The Human Rights Council (HRC) held an "Ambassadorial retreat" in Bangkok, Thailand, from 8 to 10 December 2010 in the framework of the HRC review.
Ambassadors of Permanent missions in Geneva as well as National human rights institutions (NHRI) and ECOSOC accredited non-governmental organisations (NGOs) were invited by the HRC President and Ambassador of Thailand H.E. Mr. Sihasak Phuangketkeow to continue the discussions on the review before the second session of the Open-ended Working Group to be held in February.
The "Retreat" started on Wednesday 8 afternoon by an Opening remarks by H.E. Mr Theerakun Niyom, Permanent Secretary of Foreign Affairs at the Ministry of Foreign Affairs of Thailand and followed by an introduction by H.E. Mr. Sihasak Phuangketkeow.
The latter stated that the "Bangkok Retreat" was an occasion to brainstorm in order to see the way forward clearer. Despite the fact that the occasion was not for making decisions, he hoped that delegations would be able to go beyond their talking points. He announced that the outcome of this review should be a supplement to the Institutional Building Package resolution 5/1 and that facilitators will work on the texts for this supplement. In addition to this supplement, the outcome will contain a summary of the discussions to be sent to New York reflecting the key issues discussed, the agreements reached and perhaps the issues where views did not converge as well as the overlapping issues between Geneva and New York. Finally, he hoped that this work could be completed in March 2011 so New York could complete the review in July.
Following this introduction, the five facilitators made briefings on the state of discussions on their respective issues. H.E. Mr. Omar Hilale, facilitator on the UPR, made a very thorough and detailed PowerPoint presentation shedding lights on the issues largely accepted, those requiring further discussions and those with deep divergences. For a detailed summary of his presentation, please see our news here.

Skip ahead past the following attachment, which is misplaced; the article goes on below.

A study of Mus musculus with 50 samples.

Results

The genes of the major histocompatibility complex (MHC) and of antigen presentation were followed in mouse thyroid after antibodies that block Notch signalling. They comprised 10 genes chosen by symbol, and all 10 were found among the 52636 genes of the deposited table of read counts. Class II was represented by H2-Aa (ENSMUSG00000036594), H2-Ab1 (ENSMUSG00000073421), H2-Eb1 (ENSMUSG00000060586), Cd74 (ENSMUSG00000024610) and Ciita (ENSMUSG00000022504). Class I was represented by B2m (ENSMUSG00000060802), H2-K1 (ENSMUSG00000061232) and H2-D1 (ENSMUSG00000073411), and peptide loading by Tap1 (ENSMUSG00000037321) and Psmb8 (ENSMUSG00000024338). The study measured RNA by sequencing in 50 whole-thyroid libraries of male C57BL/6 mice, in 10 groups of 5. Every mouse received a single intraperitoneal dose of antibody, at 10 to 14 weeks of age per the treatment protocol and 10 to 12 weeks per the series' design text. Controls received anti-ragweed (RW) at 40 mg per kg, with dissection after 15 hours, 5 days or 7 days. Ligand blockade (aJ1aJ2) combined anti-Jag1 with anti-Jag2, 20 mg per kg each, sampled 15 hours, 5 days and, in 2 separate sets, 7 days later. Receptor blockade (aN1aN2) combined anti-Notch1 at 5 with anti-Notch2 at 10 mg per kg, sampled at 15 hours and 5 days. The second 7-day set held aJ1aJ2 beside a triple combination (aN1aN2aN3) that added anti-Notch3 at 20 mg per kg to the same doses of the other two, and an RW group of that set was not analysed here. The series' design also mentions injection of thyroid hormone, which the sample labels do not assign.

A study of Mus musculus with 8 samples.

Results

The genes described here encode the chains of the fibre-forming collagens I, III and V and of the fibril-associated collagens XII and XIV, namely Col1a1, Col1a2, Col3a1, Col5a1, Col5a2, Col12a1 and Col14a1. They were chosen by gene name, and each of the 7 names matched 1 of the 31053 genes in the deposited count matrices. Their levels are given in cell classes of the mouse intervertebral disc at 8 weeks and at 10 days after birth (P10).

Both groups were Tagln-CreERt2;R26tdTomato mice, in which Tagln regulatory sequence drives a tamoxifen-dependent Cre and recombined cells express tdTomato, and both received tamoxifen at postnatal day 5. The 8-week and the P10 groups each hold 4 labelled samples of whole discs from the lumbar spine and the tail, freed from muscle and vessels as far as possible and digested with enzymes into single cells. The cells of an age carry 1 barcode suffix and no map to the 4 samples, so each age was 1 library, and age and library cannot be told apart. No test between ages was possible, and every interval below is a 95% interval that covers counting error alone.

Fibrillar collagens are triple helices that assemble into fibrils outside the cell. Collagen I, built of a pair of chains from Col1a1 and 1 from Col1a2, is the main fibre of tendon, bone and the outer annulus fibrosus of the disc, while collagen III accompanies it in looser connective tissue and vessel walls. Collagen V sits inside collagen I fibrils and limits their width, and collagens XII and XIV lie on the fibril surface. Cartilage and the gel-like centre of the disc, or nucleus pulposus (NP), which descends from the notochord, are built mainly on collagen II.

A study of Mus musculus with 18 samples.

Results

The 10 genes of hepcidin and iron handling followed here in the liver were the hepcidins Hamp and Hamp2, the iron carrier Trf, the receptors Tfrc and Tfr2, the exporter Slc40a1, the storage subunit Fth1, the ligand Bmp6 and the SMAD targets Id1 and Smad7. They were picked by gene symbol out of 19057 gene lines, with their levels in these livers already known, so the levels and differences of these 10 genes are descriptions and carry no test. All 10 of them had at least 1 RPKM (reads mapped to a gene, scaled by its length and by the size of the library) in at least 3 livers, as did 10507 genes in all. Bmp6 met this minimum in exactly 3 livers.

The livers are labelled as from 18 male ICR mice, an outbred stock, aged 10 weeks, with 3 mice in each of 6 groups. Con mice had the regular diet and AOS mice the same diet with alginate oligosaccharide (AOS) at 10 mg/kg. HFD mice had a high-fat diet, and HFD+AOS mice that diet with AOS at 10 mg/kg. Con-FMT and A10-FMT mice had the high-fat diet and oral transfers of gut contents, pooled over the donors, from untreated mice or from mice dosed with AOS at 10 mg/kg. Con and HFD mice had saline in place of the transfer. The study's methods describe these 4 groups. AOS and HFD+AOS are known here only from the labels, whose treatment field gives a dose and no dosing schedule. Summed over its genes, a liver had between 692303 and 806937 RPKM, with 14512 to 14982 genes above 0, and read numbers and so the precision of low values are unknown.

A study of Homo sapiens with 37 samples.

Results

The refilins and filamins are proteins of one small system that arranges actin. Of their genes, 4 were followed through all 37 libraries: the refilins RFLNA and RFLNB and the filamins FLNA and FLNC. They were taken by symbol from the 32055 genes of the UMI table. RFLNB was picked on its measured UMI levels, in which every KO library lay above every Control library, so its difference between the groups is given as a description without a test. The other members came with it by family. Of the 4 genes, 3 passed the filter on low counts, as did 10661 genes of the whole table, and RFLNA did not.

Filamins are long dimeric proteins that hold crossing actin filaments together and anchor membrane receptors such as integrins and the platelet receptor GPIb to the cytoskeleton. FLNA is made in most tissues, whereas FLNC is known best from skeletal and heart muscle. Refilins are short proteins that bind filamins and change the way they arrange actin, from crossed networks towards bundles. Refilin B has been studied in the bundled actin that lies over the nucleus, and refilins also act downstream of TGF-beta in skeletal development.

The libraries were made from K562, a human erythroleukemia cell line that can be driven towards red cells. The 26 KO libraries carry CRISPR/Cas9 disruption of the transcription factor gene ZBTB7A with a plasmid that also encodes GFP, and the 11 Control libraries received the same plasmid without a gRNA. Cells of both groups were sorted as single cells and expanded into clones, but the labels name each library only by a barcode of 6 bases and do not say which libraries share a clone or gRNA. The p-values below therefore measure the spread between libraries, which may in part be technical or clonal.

On Thursday, States and stakeholders engaged in a "General discussion" on "Expectations from the HRC review process in Geneva: what do we seek to achieve in enhancing the work and function of the Council and what are the key issues". Statements were of general nature and rarely touched upon concrete points of discussions of the review. Most speakers stressed the importance of the UPR as a new human rights mechanism and touched upon the issue of country situation.
In total, eight NHRIs and NGOs took the floor during this General discussion: Commonwealth Human Rights Initiative (CHRI), Conectas Direitos Humanos, Democracy Coalition Project, East and Horn of African Human Rights Defenders Project, Human Rights Watch, International Disability Alliance, International Service for Human Rights and the National Human Rights Commission of Thailand.
CHRI dedicated its statement to the UPR. It was based on discussions held with NGOs previously and followed the topics of the three discussions to be held by Ambassadors on Friday and described below.
On Friday, the meeting was closed to the other stakeholders while Ambassadors discussed in three sessions the following questions:
- "How to make the Council be more effective and efficient, maximize time and resources we have and improve the culture of work?"
- "How can the Council make more impact on the ground?"
- "How to deal with the country specific/emergency situation in a more cooperative, constructive and timely manner?"
At the end of the day, the HRC President held a briefing with the other stakeholders to summarize them the discussions.
On the first question, the President explained that Ambassadors discussed the number of sessions, the interactive dialogues, the number of resolutions, the agenda of the HRC and the number of reports presented by Special Procedures mandate holders.
The second question was mainly concerning the UPR and technical cooperation. Delegates touched upon the following points: how to ensure implementation and follow-up at the UPR; how to mainstream human rights at the United Nations, underlining the role of the UPR and of the UN Countries Teams in this regard; what capacities have countries to implement human rights at the national level and finally the importance of highlighting the visibility of the HRC on the ground.
On the third question, were debated the issues of tools at hands to address country situations; the trigger mechanisms; the role of the President; the early warning mechanisms (Special procedures, group of experts, UPR?) and technical cooperation.